By Mark Schulte
I’ll never forget the first time I heard about AIDS. When I was a kid it was my “job” to collect the mail each day. My mother had a subscription to Newsweek magazine which she read from cover to cover, and she considered it the ultimate authority on any subject. She would usually read it while sitting on the toilet in the bathroom, using a sheet of toilet paper as a bookmark or to note an article that my dad, brother, or myself should read.
I’ll never forget the day in the summer of 1983 that the infamous “Gay America” cover arrived in the mailbox. I didn’t give it to my parents, but kept it to read in secret as I was not out to them yet. It was the first time that I had read about AIDS/HIV and I became quite afraid. I was about to start my freshman year at Georgetown University in the fall and had every intention of being an active participant in the campus GPGU (Gay People of Georgetown University) as well as the larger DC gay community. We only called it gay at the time, as the other letters came much later. I was finally about to jump in head first, but now there was this AIDS thing to be concerned about.
I was an active participant now that I could go to gay bars, baths, parties, clubs, events, etc. without the watchful eyes of my parents. I joined GPGU, becoming its president in my senior year, as well as the local gay youth group at DC’s Gay Community Center. I felt so free and liberated to finally connect with my peers. Nevertheless, AIDS was always an ominous presence. Although the disease was first documented by my friend Larry Mass in 1981, it was not until 1987 that President Reagan even first uttered the word AIDS, despite numerous rumors that his own son was gay. We watched helplessly as our friends began to get sick and die. Peoples’ bodies became covered with purple Kaposi’s sarcoma lesions, so much so that they resembled Barney from children’s TV. That hunky muscular stud that you lusted for at the bar now looked like a thin Holocaust victim, seemingly overnight. Everyone was scared stiff, worried about every freckle and pimple, yet there was still no action from the government.
So we formed our own AIDS organizations to care for ourselves, developed our own safe(r) sex guidelines which we encouraged all to follow, created the AIDS memorial quilt as a symbolic visual, and engaged in activism, which all culminated in the National March on Washington and the first display of the AIDS Memorial Quilt on Columbus Day weekend in 1987. Still, the government dragged its heels until the founding of the AIDS Coalition to Unleash Power (ACT UP) by Larry Kramer after a fiery speech at the Second Tuesday Lecture Series at the NYC Gay Community Center. We made the decision to force the government’s hand, and we were successful. We made it so that the situation could no longer be ignored just because it was happening to “us” and not to “them.” I distinctly remember, at a subsequent display of the AIDS Memorial Quilt at the Ellipse, the helicopter of then President George H.W. Bush flew right over it and we jumped up and down yelling for him to see us and help us. I’ll leave it to historians to decide whether or not he did. Our “Enemy #1” at the time was none other than Dr. Anthony Fauci, head of the National Institute of Allergy and Infectious Diseases (NAIAD). We protested against him at an infamous “Storm the NIH” demonstration on May 21, 1990, nearly 30 years ago.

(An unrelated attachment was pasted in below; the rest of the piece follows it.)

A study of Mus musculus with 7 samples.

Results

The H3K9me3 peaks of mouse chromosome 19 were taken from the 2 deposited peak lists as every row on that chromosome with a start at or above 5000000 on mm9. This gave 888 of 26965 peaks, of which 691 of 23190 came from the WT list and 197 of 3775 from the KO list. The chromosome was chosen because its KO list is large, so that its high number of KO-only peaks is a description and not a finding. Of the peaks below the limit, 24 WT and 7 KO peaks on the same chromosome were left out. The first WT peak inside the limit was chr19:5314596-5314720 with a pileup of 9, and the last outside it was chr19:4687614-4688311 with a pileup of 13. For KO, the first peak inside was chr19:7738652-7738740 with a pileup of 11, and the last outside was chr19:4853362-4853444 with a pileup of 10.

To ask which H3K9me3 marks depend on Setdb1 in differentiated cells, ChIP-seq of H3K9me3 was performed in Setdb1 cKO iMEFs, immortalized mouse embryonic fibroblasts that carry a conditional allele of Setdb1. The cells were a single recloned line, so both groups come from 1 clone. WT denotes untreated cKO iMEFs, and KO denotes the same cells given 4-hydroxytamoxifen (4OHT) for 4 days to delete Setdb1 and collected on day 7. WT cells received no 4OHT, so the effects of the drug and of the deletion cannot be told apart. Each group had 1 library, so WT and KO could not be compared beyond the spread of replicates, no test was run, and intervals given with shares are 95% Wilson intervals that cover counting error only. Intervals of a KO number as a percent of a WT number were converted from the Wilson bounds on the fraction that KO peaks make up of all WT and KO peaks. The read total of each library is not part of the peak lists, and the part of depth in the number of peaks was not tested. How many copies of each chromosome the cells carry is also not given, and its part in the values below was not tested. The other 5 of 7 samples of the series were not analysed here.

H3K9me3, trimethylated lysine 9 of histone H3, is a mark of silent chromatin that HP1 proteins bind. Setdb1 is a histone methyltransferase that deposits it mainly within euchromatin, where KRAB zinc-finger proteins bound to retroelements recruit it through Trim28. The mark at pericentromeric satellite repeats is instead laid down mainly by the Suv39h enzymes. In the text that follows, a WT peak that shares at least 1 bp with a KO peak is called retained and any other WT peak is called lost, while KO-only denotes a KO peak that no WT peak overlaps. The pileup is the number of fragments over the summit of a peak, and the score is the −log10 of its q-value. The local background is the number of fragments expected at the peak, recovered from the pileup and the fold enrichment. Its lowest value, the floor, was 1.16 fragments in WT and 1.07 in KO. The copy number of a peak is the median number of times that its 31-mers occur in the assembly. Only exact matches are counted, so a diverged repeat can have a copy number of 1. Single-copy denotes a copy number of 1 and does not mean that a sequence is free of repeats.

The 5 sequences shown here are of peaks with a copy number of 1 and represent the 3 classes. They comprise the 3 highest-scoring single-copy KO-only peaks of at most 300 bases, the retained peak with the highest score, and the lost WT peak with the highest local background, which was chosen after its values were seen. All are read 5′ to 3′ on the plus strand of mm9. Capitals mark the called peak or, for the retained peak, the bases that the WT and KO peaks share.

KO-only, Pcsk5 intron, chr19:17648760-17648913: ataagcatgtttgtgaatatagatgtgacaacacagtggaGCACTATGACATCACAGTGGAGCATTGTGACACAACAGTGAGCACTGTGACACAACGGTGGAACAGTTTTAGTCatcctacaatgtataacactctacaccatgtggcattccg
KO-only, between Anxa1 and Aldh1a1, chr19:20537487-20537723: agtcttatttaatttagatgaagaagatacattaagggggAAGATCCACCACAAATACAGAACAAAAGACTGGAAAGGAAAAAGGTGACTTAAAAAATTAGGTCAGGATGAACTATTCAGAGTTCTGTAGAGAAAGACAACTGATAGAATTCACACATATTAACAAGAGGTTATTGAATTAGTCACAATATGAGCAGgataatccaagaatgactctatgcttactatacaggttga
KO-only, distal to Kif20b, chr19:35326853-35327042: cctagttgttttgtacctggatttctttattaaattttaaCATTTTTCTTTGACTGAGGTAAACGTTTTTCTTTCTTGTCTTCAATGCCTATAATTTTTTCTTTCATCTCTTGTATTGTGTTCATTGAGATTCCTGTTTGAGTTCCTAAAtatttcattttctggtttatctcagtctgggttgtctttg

Contrast this to the COVID-19 situation. For me it was the exact opposite. I was living my normal life when I started hearing about this strange new virus coming out of Wuhan, China that was making people sick and killing them. In the space of the week from March 9-16, 2020 the government had locked everything down. I had to stay home and could no longer go to work, church, the courthouse, a gallery, the library, a party, ANYWHERE! Meanwhile, I didn’t know anyone who was sick. I wasn’t sick. My friends weren’t sick. I heard stories on TV and read articles in the paper about thousands of people who were sick and dying, yet it was like being in a vacuum. Unlike AIDS, it wasn’t personal; it was anonymous, and I began to majorly resent the government requiring me to wear a mask in public and depriving me of the freedom to live my life the way I wanted to. It was similar to the way I resented having to wear a condom, though at least I understood the rationale for that. In this case I did not, and began to wonder if COVID wasn’t a hoax after all even though I remembered vividly the AIDS deniers that claimed that it was a hoax. It definitely wasn’t!
I’m still in a state of uncertainty about COVID now. Although I usually get tested for COVID once every month or so and, thankfully, have tested negative so far, I continue to have my doubts. Scientists still haven’t come up with an AIDS/HIV vaccine, 40 years later, though obviously there have been medical advances like the “cocktail” and, more recently, PREP. I’ve been asked to trust the expertise of Dr. Fauci even though he was our nemesis years ago. Why should we trust these rapidly discovered COVID vaccines whose long-term effects are still unknown? At least one has already killed some people. Ultimately, it will likely be an incentive like a free round trip LIRR ticket to Fire Island that will inspire me to get vaccinated, rather than the COVID vaccine itself.
In the end I find myself every bit as resentful of the government’s actions around COVID as I am of their inactions around AIDS!
Mark Schulte is an AIDS/Queer activist, adventurer/explorer, and a former Queer nightlife columnist.